Day Thirteen: 19,555 of 50,000
This is a good month to slay a sacred cow.
What I mean by a sacred cow, is that story we’ve been wanting to write for years. You know the one. Maybe it’s even the story that made us want to start writing. It’s a perfect idea, one we must do justice to, one that has to be written perfectly from the very start of it because it’s sacred, untouchable.
And it goes “moo”.
I’ve started this particular sacred cow maybe fifty times in the last fifteen years. Every time, I know it’s wrong, I’m not good enough, I suck. But in my mind it’s such a beautiful idea, that I can’t bear to mar it with actual words and plot. I mean, what if it turns out to be a totally awful idea, and I lose my vision? What if I’ll never be a good enough writer to do it justice?
The good thing is, I’ve been practicing this story for a long time, so I have a good chance of writing it fast.
The bad thing is, it’s kept me from writing other stories. Any time another idea comes close, I shut it down. I’ve got to save my great writing for this One Story, this Great Story, this sacred effing cow.
This month, after my illness, I found myself in the unique position of being utterly behind, and with the irresistible reward of an iPad when I finish this month’s book. There’s no time to do anything but to just do – full steam ahead, no chance for doubt or remorse. No chance to stop and think at all, actually.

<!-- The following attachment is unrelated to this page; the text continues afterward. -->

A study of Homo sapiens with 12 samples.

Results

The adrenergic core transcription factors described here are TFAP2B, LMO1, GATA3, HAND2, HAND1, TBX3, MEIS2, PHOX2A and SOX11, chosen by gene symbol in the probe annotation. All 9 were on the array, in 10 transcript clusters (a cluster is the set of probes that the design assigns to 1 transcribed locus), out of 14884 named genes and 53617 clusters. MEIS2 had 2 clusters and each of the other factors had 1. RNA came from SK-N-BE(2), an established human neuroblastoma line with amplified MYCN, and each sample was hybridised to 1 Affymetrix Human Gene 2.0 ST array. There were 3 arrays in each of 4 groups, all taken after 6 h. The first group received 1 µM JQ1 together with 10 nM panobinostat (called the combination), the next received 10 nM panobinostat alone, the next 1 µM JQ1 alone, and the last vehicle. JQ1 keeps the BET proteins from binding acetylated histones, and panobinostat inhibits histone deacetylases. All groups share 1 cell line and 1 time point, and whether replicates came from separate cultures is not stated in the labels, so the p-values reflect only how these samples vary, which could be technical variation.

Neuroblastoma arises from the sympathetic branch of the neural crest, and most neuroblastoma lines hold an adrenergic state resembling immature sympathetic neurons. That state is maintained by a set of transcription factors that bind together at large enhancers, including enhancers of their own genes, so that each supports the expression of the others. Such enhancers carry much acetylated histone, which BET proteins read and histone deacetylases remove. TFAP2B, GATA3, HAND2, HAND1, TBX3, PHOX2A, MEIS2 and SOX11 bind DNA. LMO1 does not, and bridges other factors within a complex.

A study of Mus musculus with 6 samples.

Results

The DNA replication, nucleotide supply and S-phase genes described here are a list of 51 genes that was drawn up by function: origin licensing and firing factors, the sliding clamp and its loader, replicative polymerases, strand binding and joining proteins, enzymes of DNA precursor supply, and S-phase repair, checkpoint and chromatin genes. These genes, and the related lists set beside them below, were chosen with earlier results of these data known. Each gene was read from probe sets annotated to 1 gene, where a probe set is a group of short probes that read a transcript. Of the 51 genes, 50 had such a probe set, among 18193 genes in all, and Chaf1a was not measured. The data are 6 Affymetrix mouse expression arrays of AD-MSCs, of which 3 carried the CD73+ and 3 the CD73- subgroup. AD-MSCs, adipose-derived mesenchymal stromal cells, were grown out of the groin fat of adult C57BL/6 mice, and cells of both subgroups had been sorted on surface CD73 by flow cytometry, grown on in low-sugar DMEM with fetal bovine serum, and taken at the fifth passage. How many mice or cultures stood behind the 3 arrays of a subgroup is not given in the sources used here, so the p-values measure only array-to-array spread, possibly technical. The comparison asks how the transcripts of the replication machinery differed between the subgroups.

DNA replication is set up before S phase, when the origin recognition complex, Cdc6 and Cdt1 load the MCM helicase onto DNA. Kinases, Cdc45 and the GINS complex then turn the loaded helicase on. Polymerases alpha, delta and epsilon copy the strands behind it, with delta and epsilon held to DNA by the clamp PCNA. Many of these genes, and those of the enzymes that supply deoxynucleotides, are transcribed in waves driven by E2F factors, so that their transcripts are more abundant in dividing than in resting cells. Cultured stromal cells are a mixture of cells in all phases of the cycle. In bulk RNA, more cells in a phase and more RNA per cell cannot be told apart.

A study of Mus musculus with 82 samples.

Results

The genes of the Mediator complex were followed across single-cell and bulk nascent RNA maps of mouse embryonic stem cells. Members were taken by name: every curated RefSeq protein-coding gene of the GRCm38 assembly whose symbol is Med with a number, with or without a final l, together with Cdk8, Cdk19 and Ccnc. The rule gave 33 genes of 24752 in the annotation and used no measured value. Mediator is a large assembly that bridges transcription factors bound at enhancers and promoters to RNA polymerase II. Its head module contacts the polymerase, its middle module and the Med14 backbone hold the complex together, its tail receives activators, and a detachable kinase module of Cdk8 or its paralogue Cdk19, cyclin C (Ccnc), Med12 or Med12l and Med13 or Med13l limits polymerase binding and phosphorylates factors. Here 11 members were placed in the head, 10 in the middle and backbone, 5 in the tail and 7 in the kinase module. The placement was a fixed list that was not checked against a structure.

So when I realized this was going to be crunch time, I decided it was a perfect time to slay the Moo Beast.
The issue with sacred cows is that they have to abide by the same laws as everything else we write. They require really shitty first drafts, edits, weeding out of ideas, and the possibility of being totally worthless at the end anyway. It’s what happens when ideas hit reality – they have to get real, and real means flawed. No matter if we write that perfect story now or in twenty years, we’re still going to have to risk sucking at it.
So, write it. Write it when you don’t have the time to worry about perfection.
That’s what I’m doing, and so far it’s working. I really don’t have time to think about how much this isn’t perfect and beautiful and gorgeous the way I always imagined it should be written. And that’s a good thing, because it’s always better to have it written, even if it sucks. And it just might – I haven’t taken the time to notice.
My sacred cow is: A man finds a girl nearly frozen to death in the woods by his house. He takes her home and warms her up, and she turns out to be a mystical being who sacrificed everything to be with him.
What’s your sacred cow?
5 thoughts on “Slaying Sacred Cows”
Great post. You nailed it. My sacred cow is a love story–between brothers. It’s based on a true story about two brothers that go to Europe in WWII and only one comes home. They are my dad and his kid brother. I have the letters they wrote back and forth, and my mom’s stories. I even flew to Tennessee to attend my uncle’s 60th Division reunion in search of men who knew him. (That’s how I got all my army buddies, who shared their stories, too.) This cow was about survivor guilt, and the vacuum left in a family that lasts for generations when young boys go off to war and don’t come back. I’ve needed to write this book all my life, but didn’t want it to be a downer–needed to be wiser, to have a damn good reason to tell it. And then they sent all those poor kids off to Iraq and Afghanistan (for no good reason, in my opinion). So I will finish a project of two, put on my chaps, mount up, and get ready to round up my sacred cow. This is the first time I’ve said it aloud, so now I have to do it. Time to have a cow! Good luck with yours. I know it will feel great to tackle it.
Unfortunately, I can’t reward you with a brand new iPad, but I can still say good luck Naomi, it sounds pretty epic.